Posted on January 15, 2016 by Martin Armstrong
There was a time when a 2% price swing used to be something to write about! Asia returned a mixed session with the Nikkei (-2.6%) handing back most of yesterday’s gains. The Shanghai (+2%) recovered late in afternoon trading and finally the HSI (-0.56%) was way off of the opening lows. Early data in Japan saw Machine Orders released at -14.4%, which was obviously quite a shock given an expectation of -7.9%, especially when compared to the previous months +10.7%.
Europe had missed the majority of the U.S. late weakness yesterday and opened with a negative bias and did not look back. All core indices closed off of their lows in negative territory (DAX -1.8%; FTSE -0.7% and CAC -1.8%). For a change, it was not the Miners that suffered but the auto makers. After confirming its offices were searched last week regarding a fraud investigation, shares in Renault tumbled as much as 19 percent before closing 10.3 percent down.
A bounce in the Brent Oil price (+2.3%) certainly helped the U.S. market today and even before the cash market opened we had triple digit gains in futures. Stock dealers watched Brent more than they watched stocks today and eventually we saw all indices close higher: DOW +227 (+1.4%), S&P +31 (+1.67%), and NASDAQ +89 (+2%). Late this evening, we saw Nikkei futures trading +1.5% from the Tokyo close. Worth mentioning here is that the sell-off in Nat Gas continued today against the Brent rally when we saw a 6% decline to close the day at $2.13.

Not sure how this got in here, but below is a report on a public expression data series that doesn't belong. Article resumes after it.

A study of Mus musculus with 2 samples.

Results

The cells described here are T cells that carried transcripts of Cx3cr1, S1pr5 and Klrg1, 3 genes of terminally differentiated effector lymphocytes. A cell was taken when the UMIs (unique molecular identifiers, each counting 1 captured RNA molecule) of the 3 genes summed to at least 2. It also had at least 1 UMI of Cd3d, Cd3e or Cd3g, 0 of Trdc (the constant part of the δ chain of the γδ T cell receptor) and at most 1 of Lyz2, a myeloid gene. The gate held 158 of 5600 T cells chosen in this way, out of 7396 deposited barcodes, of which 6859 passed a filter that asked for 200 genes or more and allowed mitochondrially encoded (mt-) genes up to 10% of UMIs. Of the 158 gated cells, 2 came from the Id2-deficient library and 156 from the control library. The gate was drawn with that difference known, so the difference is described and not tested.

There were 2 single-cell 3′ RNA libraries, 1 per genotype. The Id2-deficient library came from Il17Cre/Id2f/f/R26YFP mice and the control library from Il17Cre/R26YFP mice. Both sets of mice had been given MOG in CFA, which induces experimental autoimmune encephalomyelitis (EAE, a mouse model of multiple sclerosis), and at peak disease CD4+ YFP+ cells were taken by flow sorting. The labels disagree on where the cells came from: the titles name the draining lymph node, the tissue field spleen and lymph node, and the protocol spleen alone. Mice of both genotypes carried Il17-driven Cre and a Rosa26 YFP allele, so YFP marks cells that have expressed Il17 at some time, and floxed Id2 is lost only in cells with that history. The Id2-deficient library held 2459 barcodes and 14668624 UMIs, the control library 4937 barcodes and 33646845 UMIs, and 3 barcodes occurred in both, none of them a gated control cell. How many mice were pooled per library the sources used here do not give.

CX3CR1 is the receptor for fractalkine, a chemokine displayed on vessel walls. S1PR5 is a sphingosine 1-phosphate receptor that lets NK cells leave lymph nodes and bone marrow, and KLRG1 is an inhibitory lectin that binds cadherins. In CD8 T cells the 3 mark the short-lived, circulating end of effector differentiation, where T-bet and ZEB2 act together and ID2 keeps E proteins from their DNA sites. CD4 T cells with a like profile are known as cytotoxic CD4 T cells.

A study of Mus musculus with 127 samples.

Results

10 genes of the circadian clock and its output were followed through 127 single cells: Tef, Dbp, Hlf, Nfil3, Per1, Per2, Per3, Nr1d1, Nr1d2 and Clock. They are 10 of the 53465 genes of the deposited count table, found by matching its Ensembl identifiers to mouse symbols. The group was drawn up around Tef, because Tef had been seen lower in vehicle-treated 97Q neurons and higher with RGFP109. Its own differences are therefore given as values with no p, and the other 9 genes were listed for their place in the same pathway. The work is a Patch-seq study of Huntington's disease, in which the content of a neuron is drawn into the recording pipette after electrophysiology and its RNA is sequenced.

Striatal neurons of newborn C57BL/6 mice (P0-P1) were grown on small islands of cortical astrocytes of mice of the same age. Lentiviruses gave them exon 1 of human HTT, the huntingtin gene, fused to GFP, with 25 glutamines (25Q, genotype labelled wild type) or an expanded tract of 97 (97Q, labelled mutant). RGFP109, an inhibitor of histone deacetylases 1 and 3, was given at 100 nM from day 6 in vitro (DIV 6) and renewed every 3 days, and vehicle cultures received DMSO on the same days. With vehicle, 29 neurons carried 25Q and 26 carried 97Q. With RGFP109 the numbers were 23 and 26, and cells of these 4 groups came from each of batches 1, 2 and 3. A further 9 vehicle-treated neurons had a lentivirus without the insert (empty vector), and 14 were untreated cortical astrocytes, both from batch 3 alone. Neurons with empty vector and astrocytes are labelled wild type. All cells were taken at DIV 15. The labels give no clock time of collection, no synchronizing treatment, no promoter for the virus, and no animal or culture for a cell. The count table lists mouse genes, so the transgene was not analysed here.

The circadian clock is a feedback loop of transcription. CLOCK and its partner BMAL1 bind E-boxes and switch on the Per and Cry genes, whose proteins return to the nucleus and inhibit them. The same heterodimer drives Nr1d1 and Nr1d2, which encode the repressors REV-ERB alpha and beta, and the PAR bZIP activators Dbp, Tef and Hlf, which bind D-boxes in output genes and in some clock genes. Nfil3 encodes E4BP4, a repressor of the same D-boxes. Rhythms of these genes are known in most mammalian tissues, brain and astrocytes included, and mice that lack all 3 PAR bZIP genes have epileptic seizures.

Unsurprisingly, the safe-havens lost ground as stocks rallied; at one point we saw gold hit $1071 (-2%) and silver hit $13.81 (-2.4%). U.S. bonds also lost ground with 10yrs gaining 2bp to close at 2.09% and 5’s losing a marginal 1bp to close 1.52%. The 10yr US/Germany spread was last seen +158bp. Italy also closed a little lower with 5’s at 0.6% and 10’s 1.59%.
The USD Index (DXY) saw a small improvement today closing 99.125 (+0.2%), so not too much against the basket. However, GBP did take a hit (at one stage down at 1.4355) just ahead of the BoE rate decision and the minutes release (which were as expected 8:1). The INR was another currency that saw fresh ground when it broke the 68 level (last seen Sept. 2013). This just shows that the nerves remain in many markets and we still have further to go before confidence returns.
This entry was posted in Uncategorized and tagged Market Talk by Martin Armstrong. Bookmark the permalink.